Hey Marco Bucci! Love your videos! I think you have a gift for structuring and presenting information in an easily digestible way. Anyhoo— Question 1) Where can I get an Asaro head like yours? I want one on my desk, too. Please and thanks. Question 2) When painting really tight shapes—let's say armor—I will use a sketch and paint underneath it, but I struggle with getting to a point to where I can turn off the sketch and the painting still holds together. Can you give me some advice, process, tips to help with that?
[Skelly, tired of being towel whipped and ridiculed, conspired with Marshall, who was tired of being teased about his age and old fogey ways, to take down the powerful Prokoman himself! Of course, Skelly is unable to turn a hand against his master, so he grants a small portion of his power to Marshall. Now! Marshall has the power of adduction, abduction, and to draw perfect proportions without reference.] Marshall: It's time I show you a new perspective, Prokoman. Here's my three points! [Marshall punches Stan. Pow! Smack! BONK!] Stan: Skelly has deceived you and turned you against me! Which is kind of remarkable, because Skelly is an idiot. Marshall: Skelly told me the truth. Stan: What's the truth? Marshall, grinning evilly: It depends. [Prokoman defeats Marshall easily with the aid of his Atelier utility belt (that he got from studying with Jeff Watts), but the two are able to reach an understanding and resolve their differences, and thus, Prokoman redeems Marshall and brings him back to the side of right. Now, the two prepare to Skelly as a team.] [Double page spread of Marshall and Stan beating Skelly with his own arm and leg.] And that is the story behind David's drawing. :)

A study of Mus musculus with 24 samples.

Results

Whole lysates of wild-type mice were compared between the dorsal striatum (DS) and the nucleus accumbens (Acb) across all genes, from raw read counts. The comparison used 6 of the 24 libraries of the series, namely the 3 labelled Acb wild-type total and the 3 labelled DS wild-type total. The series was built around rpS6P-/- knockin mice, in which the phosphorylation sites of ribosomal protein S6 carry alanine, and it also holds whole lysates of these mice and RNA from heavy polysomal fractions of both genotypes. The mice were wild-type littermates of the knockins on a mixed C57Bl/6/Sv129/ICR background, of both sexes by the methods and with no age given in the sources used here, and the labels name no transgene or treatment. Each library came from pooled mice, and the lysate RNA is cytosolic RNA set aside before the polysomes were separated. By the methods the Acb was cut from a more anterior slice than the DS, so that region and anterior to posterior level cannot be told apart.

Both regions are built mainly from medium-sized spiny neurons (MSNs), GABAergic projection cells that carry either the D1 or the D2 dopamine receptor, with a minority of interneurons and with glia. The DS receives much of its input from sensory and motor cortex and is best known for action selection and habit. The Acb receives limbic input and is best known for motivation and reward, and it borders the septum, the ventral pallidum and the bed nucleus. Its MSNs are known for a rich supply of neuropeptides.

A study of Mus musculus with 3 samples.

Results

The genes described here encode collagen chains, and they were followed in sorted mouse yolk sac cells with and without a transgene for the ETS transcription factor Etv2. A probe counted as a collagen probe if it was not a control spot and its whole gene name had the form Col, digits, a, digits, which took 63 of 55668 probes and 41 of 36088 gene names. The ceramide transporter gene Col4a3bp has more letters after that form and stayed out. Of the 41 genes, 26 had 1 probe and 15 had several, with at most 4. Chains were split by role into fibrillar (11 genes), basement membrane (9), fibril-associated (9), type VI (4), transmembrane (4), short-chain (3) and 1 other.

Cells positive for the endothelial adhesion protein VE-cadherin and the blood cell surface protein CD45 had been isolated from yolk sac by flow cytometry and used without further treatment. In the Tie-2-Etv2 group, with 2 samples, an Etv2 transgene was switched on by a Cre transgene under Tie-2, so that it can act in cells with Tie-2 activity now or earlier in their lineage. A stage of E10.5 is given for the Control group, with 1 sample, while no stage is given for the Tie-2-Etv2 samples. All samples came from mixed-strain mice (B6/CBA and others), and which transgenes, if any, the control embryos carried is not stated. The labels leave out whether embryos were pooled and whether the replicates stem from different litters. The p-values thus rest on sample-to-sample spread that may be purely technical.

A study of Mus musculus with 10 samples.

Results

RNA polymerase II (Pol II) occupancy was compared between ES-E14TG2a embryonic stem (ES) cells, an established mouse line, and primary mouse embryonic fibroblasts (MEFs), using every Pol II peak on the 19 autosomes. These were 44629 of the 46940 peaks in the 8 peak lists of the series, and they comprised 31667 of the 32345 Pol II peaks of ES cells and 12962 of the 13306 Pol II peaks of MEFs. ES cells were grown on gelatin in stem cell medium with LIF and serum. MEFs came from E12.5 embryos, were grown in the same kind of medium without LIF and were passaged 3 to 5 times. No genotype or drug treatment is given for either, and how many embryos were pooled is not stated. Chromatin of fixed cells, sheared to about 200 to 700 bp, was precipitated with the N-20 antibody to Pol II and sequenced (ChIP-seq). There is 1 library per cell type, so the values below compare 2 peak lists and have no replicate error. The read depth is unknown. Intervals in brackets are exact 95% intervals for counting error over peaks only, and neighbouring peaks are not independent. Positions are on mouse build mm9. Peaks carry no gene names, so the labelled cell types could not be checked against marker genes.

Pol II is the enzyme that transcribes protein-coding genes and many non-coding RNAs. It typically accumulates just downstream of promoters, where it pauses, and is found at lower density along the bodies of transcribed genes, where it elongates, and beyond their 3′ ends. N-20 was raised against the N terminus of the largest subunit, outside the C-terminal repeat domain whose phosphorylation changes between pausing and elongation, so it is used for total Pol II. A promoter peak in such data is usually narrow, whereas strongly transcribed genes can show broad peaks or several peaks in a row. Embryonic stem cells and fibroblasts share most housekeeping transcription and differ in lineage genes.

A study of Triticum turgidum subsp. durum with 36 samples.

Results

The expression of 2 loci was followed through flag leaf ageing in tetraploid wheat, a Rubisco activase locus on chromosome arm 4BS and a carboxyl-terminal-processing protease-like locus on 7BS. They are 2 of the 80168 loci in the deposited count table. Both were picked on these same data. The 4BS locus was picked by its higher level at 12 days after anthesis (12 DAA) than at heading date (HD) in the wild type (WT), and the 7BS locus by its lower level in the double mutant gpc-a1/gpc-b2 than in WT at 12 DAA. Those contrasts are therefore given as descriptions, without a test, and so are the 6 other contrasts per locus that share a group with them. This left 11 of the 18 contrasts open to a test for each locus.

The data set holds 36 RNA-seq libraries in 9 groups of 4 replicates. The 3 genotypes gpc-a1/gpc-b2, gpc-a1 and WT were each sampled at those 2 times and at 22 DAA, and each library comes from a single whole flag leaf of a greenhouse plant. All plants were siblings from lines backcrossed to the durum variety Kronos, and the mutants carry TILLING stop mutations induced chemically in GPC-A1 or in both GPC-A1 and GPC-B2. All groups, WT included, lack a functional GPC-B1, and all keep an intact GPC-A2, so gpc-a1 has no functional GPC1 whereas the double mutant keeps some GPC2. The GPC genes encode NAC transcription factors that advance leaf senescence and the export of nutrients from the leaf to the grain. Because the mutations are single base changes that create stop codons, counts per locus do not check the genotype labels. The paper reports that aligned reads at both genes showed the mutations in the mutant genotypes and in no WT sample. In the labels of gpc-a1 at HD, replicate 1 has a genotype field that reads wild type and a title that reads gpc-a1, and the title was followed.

I almost didn't do this assignment, because I felt like I understood the shoulder girdle "enough" to get the jist, but I'm glad I did. There's a lot of intricacies and spatial relationships beyond just "hey the collar bones raise up with the arm". I may do the rest, but I'mma be honest... I want to get to those juicy muscles. Anyhoo! As always, any critique, feedback, and/or advice is welcome.
This was super helpful! In my post with my assignment I mentioned not being able to be consisten with my overall bucket shape, and I was neglecting to find the angles before drawing it. I was also trying to do it in one stylish "swoop" motion. I'll probably take Stan's advice and fill a few more pages with buckets from the 3D model so I can intuit the shape in the future.
I found it much easier to do this exercise from a top-down view of the pelvis, but the angles were very easy to get lost in. It was in those angles I found the value of following Stan's example step by step and ghosting in all the lines on both sides to keep things accurate. Something I'm struggling with it getting the initial shape of the bucket accurate to the reference. I feel like if I drew the same bucket from the same angle they would all still be slightly different.